CAIRO, June 15, 2011 (AFP) -
CAIRO, June 15, 2011 (AFP) –
Six months after mass revolts toppled Tunisia’s Zine El Abidine Ben Ali and then Egypt’s Hosni Mubarak, the so-called “Arab spring” has hit roadblocks ranging from fierce repression to outright war.
Spurred by democratic aspirations and hostility towards deeply entrenched governments, the uprisings have been followed by conflict and economic woes.
“What we are going through right now is a bottleneck,” said Rabab al-Mahdi, a political science professor at the American University of Cairo.
The December 17 self immolation of a Tunisian street vendor sparked demonstrations that toppled Ben Ali.
The protests spread to Egypt, the most populous Arab country, where three weeks of round-the-clock mass rallies centred in Cairo’s Tahrir Square succeeded in ousting longtime president Hosni Mubarak.
Protests spread across the Arab world but so far the leaders of Libya, Syria and Bahrain have refused to step down, responding to popular unrest with brute force.
“The concept of taking to the streets and toppling the regime, like what happened in Egypt and Tunisia, is currently being challenged by the experiences of Libya, Syria, Yemen and Bahrain,” she said.
Despite similar aspirations, the region’s diversity has affected the outcomes of the uprisings.
“There are no two movements alike,” said Antoine Basbous of the Observatory of Arab Countries in Paris.
In Libya, Moamer Kadhafi appears “ready to fall, the question is when.”
Syrian President Bashar al-Assad, however, “is determined to defend himself and has resources.”
Yemen, the region’s poorest country, could face “Somalisation,” chaos and the unravelling of its already weak government, Basbous said.
Its political future hangs in the balance as President Ali Abdullah Saleh convalesces in Saudi Arabia after a bomb blast wounded him.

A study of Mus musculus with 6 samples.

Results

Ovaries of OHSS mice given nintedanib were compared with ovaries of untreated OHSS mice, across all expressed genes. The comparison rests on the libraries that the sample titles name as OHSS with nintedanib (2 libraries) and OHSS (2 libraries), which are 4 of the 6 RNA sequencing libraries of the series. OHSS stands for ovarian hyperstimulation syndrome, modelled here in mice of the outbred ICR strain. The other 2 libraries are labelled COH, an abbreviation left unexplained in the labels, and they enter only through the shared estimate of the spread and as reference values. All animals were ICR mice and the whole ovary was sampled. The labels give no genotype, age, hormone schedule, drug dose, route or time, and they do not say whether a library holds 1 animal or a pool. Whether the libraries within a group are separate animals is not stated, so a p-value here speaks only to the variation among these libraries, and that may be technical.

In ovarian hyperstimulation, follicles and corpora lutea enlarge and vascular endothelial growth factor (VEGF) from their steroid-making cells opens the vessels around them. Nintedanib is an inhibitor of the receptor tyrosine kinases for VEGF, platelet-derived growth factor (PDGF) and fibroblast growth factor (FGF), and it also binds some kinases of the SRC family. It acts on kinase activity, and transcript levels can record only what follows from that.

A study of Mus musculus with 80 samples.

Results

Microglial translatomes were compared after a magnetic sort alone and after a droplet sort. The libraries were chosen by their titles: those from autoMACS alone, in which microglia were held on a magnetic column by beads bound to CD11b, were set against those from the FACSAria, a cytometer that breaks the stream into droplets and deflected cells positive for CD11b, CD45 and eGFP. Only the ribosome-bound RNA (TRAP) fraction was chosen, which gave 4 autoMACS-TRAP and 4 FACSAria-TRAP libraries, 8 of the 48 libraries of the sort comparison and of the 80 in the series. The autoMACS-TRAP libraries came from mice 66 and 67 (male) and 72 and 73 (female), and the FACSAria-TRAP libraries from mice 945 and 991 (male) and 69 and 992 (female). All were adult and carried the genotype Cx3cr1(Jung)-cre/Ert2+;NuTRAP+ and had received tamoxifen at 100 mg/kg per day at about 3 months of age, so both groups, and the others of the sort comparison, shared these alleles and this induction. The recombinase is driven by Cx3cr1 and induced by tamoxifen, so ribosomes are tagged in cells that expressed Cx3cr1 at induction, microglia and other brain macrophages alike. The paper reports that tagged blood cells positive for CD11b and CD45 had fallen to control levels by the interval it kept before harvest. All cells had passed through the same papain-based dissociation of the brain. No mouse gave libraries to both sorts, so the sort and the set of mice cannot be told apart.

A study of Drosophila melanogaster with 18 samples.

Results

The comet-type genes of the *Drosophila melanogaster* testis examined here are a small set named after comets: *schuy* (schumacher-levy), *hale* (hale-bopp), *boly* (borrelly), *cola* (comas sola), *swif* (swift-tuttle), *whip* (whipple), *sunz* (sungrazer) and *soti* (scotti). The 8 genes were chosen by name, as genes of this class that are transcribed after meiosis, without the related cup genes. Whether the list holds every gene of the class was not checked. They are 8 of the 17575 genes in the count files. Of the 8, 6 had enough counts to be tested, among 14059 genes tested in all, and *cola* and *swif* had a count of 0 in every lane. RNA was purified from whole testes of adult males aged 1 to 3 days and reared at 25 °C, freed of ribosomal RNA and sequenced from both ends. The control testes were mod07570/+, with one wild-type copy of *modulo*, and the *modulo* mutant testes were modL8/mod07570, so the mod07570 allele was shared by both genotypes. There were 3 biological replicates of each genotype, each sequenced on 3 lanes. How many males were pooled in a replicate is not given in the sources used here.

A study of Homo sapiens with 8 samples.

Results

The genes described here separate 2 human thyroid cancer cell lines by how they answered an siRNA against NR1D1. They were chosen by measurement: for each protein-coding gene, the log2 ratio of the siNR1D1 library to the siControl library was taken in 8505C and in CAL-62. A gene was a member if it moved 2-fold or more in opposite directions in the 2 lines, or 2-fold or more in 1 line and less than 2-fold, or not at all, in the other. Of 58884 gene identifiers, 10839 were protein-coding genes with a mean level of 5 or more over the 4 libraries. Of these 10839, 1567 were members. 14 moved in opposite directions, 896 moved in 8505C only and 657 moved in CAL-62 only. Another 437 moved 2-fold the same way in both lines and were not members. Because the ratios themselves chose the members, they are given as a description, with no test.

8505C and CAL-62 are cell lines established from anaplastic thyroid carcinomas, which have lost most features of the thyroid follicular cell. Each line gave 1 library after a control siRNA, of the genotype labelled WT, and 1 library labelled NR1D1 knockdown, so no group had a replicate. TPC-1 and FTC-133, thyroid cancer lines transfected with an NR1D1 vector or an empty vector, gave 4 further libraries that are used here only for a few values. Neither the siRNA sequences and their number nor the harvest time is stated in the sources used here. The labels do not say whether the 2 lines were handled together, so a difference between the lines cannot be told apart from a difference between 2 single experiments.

Bahrain, ruled by a Sunni monarchy backed by Saudi Arabia, crushed the democracy movement in the small but strategic Gulf country, where the majority Shiite population complains of marginalisation.
Tunisia, set to vote in October in its first elections since Ben Ali went into exile in Saudi Arabia, seems to have fared better than Egypt, where the transition, overseen by the military, appears quagmired, he says.
In both countries, the economic challenges that followed the revolts have prompted international pledges of billions of dollars in aid to support democracy and development.
The potential for the revolts to spread to other countries is still there, but it is uncertain.
“The effect on the rest of the region will depend on the outcome of these countries,” said Mahdi, noting that the remaining countries in the region all have huge obstacles that would dampen the chances of mobilisation.
“In Algeria, the recent experience of a civil war will make it harder for people to repeat the experience,” she said.
Algeria can also assuage grievances with its oil income.
“In Morocco, the integration of opposition has been more liberal making the stakes higher for toppling the regime.”
The Kingdom of Jordan has seen a relatively small protest movement demanding political and economic reforms and an end to corruption.
Protests have also failed to gain scale and traction in the oil-rich Gulf monarchies, which have tried to stave off protests with sharp increasings in public expenditure.
In the case of Bahrain, this has led to plummeting credit ratings.
“The process is not a mechanical one. It is not just about if one country falls, the others fall automatically. It depends very much on the internal situation in each country,” said Mahdi.
Despite the mixed results and uncertainties, some pro-democracy activists remain optimistic.
Issander el-Amrani, a Cairo-based journalist and blogger at The Arabist (www.arabist.net), said the rebellions showed a “rejection of authoritarian systems” and “a real enthusiasm for universal values.”